As you go through your divorce, you and your spouse will transition from being wedded partners to a relationship that is focused on your roles as co-parents. You'll still be in each other's lives for many years -- even when your kids become adults.
Back-to-school time can be especially challenging for families where the parents are separated or divorced. If this is your first fall living apart, you're probably still figuring out how best to deal with your kids' school and extracurricular activities this upcoming school year.
Most divorcing couples who have kids want a good co-parenting relationship because they understand that this is what's best for their children. However, how they deal with each other during the divorce as they work out property division, support and child custody agreements often sets the tone for how they will deal with each other as they co-parent their kids. If a couple can remain amicable throughout their divorce, they're taking an important first step toward a positive, effective co-parenting relationship.
If you have an estate plan in place, you'll likely be making some changes to it as soon as your divorce is final -- if not sooner. Chances are you no longer want your soon-to-be ex to have powers of attorney over your health care and finances should you become incapacitated, for example.
Many Texans find out only as they go through the divorce process that their spouse has opened credit cards or taken out a loan or line of credit in their name. They may be responsible for many thousands of dollars in debt they can't afford to pay off and left with a credit score that makes getting credit in their own name difficult to impossible.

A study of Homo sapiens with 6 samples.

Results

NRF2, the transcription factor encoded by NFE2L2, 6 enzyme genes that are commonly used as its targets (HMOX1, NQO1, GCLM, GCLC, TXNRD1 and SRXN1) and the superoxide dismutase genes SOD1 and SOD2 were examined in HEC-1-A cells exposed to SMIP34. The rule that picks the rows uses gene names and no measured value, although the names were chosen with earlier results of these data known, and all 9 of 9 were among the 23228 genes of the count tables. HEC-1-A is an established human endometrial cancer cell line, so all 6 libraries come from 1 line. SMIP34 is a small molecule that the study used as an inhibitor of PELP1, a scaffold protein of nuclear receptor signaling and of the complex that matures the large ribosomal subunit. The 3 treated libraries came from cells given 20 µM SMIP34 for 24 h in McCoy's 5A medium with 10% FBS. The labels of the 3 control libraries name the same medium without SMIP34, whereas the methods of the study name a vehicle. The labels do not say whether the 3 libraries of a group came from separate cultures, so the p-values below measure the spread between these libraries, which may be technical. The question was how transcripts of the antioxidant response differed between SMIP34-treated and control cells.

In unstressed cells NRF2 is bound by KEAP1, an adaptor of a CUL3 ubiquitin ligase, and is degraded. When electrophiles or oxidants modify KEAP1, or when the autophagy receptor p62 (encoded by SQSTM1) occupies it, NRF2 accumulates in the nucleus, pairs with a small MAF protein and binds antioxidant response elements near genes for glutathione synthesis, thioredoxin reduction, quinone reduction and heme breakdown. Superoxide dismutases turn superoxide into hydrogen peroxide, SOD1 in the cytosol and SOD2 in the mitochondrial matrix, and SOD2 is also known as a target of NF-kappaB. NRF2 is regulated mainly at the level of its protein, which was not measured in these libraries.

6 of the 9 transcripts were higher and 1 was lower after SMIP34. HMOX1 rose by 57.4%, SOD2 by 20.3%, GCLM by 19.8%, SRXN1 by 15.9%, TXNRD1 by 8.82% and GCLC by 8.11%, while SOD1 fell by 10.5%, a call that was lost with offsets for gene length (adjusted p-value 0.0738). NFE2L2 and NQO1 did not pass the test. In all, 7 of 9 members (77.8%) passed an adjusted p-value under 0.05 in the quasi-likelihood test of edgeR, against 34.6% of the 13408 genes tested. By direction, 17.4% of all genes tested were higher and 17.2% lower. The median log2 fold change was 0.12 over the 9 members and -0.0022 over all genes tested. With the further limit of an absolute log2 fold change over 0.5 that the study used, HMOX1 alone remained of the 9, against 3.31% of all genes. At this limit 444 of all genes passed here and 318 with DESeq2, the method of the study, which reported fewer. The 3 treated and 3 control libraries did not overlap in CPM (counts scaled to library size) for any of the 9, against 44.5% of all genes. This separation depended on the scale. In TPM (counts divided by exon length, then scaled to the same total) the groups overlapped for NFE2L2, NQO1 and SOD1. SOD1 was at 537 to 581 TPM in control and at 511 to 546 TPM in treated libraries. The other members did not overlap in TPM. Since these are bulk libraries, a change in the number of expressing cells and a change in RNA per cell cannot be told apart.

Extracurricular activities are an important part of most kids' childhoods. When their parents are divorcing, having the consistency of games, lessons and other activities can be extremely important to kids. However, too often, co-parents' disagreements over which extracurricular activities are appropriate and/or affordable can threaten these important outlets for their children.
For many people who are battling drug and/or alcohol addiction, spending time in an inpatient rehabilitation facility is their best chance for getting clean and sober. However, if you're a parent, checking into rehab may mean losing custody of your children -- at least temporarily.
As you go through a divorce, you're going to be making financial decisions that could impact you for the rest of your life. Moreover, you have to make these decisions at a time when your emotions are probably all over the place.
The bond between grandparents and grandchildren can be a strong one. However, when parents divorce, grandparents sometimes find themselves cut out of their grandchildren's lives. Their former son- or daughter-in-law may have primary custody of the kids and not want them to be around their ex-spouse's parents. Sometimes their own child may not make the effort to let them see their grandkids (or may not want them to).
Sadly, some divorced parents refuse to abide by the terms of their child custody agreement. They deny their co-parent the access to their children that they're entitled to. Custodial interference is more than a violation of a custody order. Here in Texas, it can also be a felony.